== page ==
In Monday’s Iowa caucuses, Hillary Clinton blew an initial 50 point lead and ended up in a virtual tie with Senator Bernie Sanders. The latest NBC/Marist poll shows he is ahead by 20 points in New Hampshire. Now, two national polls released Friday show that Clinton’s one-time 36-point lead in national polls has evaporated. She now leads Sanders by two percentage points, well within the margin of error.
Sanders clearly has the momentum on the eve of the nation’s first primary where voting begins at midnight Monday in Dixville Notch, New Hampshire. Sanders may actually be the real “come-back kid.” Like the lyrics in the Buffalo Springfield song, “something’s happening here.”
The latest Quinnipiac University poll found Hillary Clinton is supported by 44 percent of Democrats but 42 percent prefer Bernie Sanders. Clinton led by 31 points in that same poll a month ago. The Reuters/Ipsos poll, also released Friday, found that Sanders has closed to within one and a half points of Clinton. That poll found Clinton had 44.6 percent to Sanders 43.1 percent. Just a month ago, Clinton led by 21 points in that poll.
The Clinton campaign touts electability as a reason Democrats should nominate her. The polls, however, tell a much different story. In the Quinnipiac poll, Sanders thumps Trump 49 to 39 percent. Clinton leads Trump by only five points 46 to 41 percent. Clinton ties Ted Cruz 45 to 45, but Sanders would beat Cruz 46 to 42 percent. The poll shows that Rubio would beat Clinton in the general election by seven points—48 to 41 percent. Sanders, on the other hand, would tie Rubio with 43 percent for each.
The primary reason Sanders does better against Republican candidates is that among Independent voters, Sanders does better than Clinton. Independent voters prefer Sanders over Trump by 26 points but prefer Clinton by only 14 points. Clinton beats Cruz among Independents by five percent, but Independent voters prefer Sanders over Cruz by 15 percentage points. Rubio leads Clinton among Independent voters by nine points but Sanders actually leads Rubio by three points among those same voters.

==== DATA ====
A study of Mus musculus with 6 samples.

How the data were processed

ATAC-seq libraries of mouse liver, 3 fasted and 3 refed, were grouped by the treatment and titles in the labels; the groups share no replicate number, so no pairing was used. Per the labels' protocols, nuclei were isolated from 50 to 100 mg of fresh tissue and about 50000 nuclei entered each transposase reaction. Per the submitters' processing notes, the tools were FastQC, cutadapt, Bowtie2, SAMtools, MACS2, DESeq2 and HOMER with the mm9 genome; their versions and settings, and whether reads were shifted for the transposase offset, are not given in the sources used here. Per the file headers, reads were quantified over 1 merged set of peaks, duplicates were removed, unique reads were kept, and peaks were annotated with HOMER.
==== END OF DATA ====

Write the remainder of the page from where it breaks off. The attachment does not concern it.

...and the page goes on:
One reason for Sanders strength in the polls is that voters have a higher opinion of him. The Quinnipiac poll found that 44 percent of Americans have a favorable opinion of Sanders while 35 give him a negative rating. This is the highest of any candidate of either Party except for Rubio. On the other hand, 56 percent of voters have a negative opinion of Clinton versus 39 percent who view her favorably. Only Trump has a higher negative rating than Clinton among presidential candidates.
While Clinton leads Sanders nationally among all women voters, he leads Clinton among younger women. Sanders has an overwhelming lead among young voters. He leads Clinton by nearly 70 percent among voters under 29. She leads Sanders among African-American voters by nearly the same margin, however. Sanders’ lead among young voters seems to be offsetting her lead among African-Americans.
A possible reason for Clinton’s slide in the polls is that voters continue to feel she is not honest and trustworthy. She did nothing to counter that perception in Thursday’s Democratic debate. Clinton was paid $675,000 by Goldman Sachs for speeches. Sanders has raised that as an indication that Clinton is too close to Wall Street. In the debate, moderator Chuck Todd asked Clinton if she would release the transcripts of her speeches to Goldman Sachs. Instead of an affirmative “yes”, Clinton said she’d “look into it.” Unless the un-redacted transcripts are released, a new cloud of doubt will haunt the former Secretary of State throughout the campaign—particularly the General Election.
It is too early to know if voters are telling pollsters they favor Bernie Sanders simply as a protest against the establishment. It is possible they may change their mind. On the other hand, one does not need a poll to see that Sanders clearly wins the enthusiasm contest. He is far more exciting than Clinton and his rallies prove that. He has a consistent message, whereas Clinton’s message seems to change with the polls.
Nothing begets victory like victory. If Sanders wins in New Hampshire Tuesday, it could be a game-changer. If the Democratic Party establishment stops him, momentum could shift. Bernie Sanders said shortly after he announced “Don’t underestimate me.” So far, that is proving accurate.